Over the past year, I’ve become obsessed with decluttering. (Okay, okay, to be fair if you still looked at how much crap I own, you wouldn’t believe me, but it’s true.)
It originally started back in college, mainly to flip things to pay for going out on the weekends, but it became a fun way to get rid of stuff.
See, I’m not a big fan of just throwing things away. Especially when the item is still useful and works just fine. I just can’t get on board with working items sitting in a landfill until the end of time.
Through the years, I started to use my copywriting skills to test different ideas. It was fun to have full creative freedom instead of someone saying, “No, you can’t write that this couch is perfect for Netflix and chill.”
Or juicers with the tagline “Feel like you read goop every time you use this.”
While becoming a minimalist failed (My DVD collection alone proves this), I still learned a lot about copywriting and sales.
Specifics are secondary to benefits
People buy products and services to make their lives better. If you clearly explain why your product/service does that, then sales become so much easier.
Will this product make them more organized?
Will it help them cook faster?
Will they have a better workout?
Sure, product details matter, but if you frame it in a way that shows how you’re solving a problem they have, they will happily buy. Which leads to my second point.
Sales aren’t always worth it
When it comes to selling, a discount can get a fast sale. However, they aren’t always worth it.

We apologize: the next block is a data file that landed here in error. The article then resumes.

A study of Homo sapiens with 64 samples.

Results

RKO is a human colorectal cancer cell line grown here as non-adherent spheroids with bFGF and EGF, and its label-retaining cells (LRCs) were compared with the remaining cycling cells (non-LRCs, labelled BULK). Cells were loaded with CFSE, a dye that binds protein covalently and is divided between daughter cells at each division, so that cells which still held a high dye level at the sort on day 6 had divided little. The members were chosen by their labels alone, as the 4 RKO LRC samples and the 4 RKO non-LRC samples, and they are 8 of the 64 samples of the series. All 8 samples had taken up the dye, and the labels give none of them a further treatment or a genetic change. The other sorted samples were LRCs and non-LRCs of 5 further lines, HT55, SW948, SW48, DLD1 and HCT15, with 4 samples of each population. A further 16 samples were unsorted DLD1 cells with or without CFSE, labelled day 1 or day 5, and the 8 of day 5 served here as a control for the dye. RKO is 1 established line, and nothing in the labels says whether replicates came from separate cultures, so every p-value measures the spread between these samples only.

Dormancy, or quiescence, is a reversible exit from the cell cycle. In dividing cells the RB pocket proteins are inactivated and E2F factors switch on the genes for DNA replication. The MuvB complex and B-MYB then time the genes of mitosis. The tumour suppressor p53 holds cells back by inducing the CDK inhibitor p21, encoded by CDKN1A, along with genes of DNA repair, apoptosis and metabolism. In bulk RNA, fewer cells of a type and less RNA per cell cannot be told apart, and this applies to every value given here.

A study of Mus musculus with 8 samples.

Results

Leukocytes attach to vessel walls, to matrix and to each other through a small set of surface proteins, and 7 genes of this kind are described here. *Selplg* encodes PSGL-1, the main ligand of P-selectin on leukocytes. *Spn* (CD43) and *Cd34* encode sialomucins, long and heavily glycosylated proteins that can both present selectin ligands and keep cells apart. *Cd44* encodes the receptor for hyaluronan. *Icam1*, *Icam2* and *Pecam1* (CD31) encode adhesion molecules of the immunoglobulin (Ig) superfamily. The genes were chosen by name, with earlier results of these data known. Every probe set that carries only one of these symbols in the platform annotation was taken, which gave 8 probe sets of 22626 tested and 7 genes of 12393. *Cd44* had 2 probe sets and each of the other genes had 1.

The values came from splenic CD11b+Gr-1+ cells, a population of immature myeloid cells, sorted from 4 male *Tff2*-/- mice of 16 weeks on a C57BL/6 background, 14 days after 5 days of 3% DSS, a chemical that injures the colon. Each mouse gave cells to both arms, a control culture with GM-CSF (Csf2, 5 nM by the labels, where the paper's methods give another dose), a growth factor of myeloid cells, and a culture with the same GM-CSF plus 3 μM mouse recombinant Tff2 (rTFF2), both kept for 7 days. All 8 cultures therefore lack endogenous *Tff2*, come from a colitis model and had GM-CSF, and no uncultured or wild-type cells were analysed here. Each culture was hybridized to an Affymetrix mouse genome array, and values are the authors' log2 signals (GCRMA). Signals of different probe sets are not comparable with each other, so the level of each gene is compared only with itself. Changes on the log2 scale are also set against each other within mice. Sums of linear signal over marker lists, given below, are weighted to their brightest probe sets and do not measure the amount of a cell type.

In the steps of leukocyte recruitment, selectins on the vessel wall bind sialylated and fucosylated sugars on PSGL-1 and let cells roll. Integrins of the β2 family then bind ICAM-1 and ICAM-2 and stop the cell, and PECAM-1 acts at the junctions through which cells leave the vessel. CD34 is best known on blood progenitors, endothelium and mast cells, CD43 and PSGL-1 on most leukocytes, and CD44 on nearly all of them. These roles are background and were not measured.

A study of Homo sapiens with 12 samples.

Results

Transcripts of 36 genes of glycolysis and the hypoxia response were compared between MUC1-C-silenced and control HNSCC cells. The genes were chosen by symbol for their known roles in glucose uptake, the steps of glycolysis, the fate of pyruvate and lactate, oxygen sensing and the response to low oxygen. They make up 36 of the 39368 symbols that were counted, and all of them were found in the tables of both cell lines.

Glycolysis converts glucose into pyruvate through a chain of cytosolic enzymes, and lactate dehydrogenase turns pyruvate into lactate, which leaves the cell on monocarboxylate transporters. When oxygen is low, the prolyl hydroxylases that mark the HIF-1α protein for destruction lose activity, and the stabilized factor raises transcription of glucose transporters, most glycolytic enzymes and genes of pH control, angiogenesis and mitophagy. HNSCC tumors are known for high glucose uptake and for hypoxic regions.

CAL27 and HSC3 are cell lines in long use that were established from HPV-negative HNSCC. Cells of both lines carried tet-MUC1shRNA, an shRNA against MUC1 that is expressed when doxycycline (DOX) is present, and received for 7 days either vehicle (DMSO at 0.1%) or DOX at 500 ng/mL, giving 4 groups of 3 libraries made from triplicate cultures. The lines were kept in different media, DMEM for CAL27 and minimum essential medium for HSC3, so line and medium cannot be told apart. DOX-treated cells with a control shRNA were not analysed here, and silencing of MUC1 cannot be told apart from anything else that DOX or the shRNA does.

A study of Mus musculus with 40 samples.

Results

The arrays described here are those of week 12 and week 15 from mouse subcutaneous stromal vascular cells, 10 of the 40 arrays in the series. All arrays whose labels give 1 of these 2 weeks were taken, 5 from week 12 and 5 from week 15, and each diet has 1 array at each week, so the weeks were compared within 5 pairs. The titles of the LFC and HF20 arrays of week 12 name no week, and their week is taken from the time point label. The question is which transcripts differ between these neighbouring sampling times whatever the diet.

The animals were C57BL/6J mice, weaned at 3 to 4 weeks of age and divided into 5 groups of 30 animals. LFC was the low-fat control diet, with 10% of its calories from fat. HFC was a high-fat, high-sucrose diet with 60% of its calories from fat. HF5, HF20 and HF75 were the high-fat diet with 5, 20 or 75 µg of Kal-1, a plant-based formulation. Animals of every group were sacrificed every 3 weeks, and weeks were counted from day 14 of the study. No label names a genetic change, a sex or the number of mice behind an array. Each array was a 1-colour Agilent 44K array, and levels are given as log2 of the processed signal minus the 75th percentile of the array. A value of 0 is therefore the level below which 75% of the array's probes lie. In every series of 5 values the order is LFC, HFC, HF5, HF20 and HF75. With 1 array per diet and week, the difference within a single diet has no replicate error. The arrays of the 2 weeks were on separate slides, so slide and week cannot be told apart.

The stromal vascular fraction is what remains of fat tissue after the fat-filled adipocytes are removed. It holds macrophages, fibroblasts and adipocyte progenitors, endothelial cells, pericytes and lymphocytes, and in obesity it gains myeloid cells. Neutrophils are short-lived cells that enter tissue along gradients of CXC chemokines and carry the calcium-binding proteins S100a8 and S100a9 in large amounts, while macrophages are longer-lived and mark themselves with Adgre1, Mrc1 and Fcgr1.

If someone asks for a discount, or you’re selling something under its market value, be ready to deal with difficult customers.
This is counterintuitive. You’d think that someone asking for a deal or getting something cheaper would make them easier to deal with, but almost always it’s the opposite. Of course, this wasn’t for every single sale, it was just amazing to see the haggling for the cheap products.
The same thing goes for business. When you undervalue yourself and your work, you’ll attract people who don’t value what you do, either. When I did $5 articles over a decade ago, I constantly had to deal with the worst clients.
Look, I totally get it. I’ve been there where you have to count every single penny coming in and out, but it still holds true.
Get creative to get out of a rut
It’s easy to get stuck in a rut when you’re working on your own business for a long time.
The problem a lot of us run into while running our businesses is getting stuck in the same rut over and over and over.
Good copy can’t save a bad product
If the product or service is bad, you can make it sound as fun as you want with your copy, but it won’t sell. Period. Chipotle can make their new queso sound absolutely amazing, but once word is out that it tastes horrible (which it does), the copy no longer matters.
Bad copy doesn’t matter if the product is amazing
As a copywriter, I know I should say that copy is the most important thing, but it’s just not true. Copywriting is the icing on the cake of an already excellent product or service.
Excellent products don’t have a hard time selling. Do you know how much copy I need to write to sell an old iPhone? Almost none. People know that Apple creates superior products.
Does that mean Apple never cares about copy? Of course not. Their product descriptions and new releases have “Expert Copywriter” written all over it. This is why I often recommend that companies get their branding in order before hiring a copywriter.
What unexpected business lessons did you learn by doing something outside of your regular routine? Leave a comment I'd love to hear about it.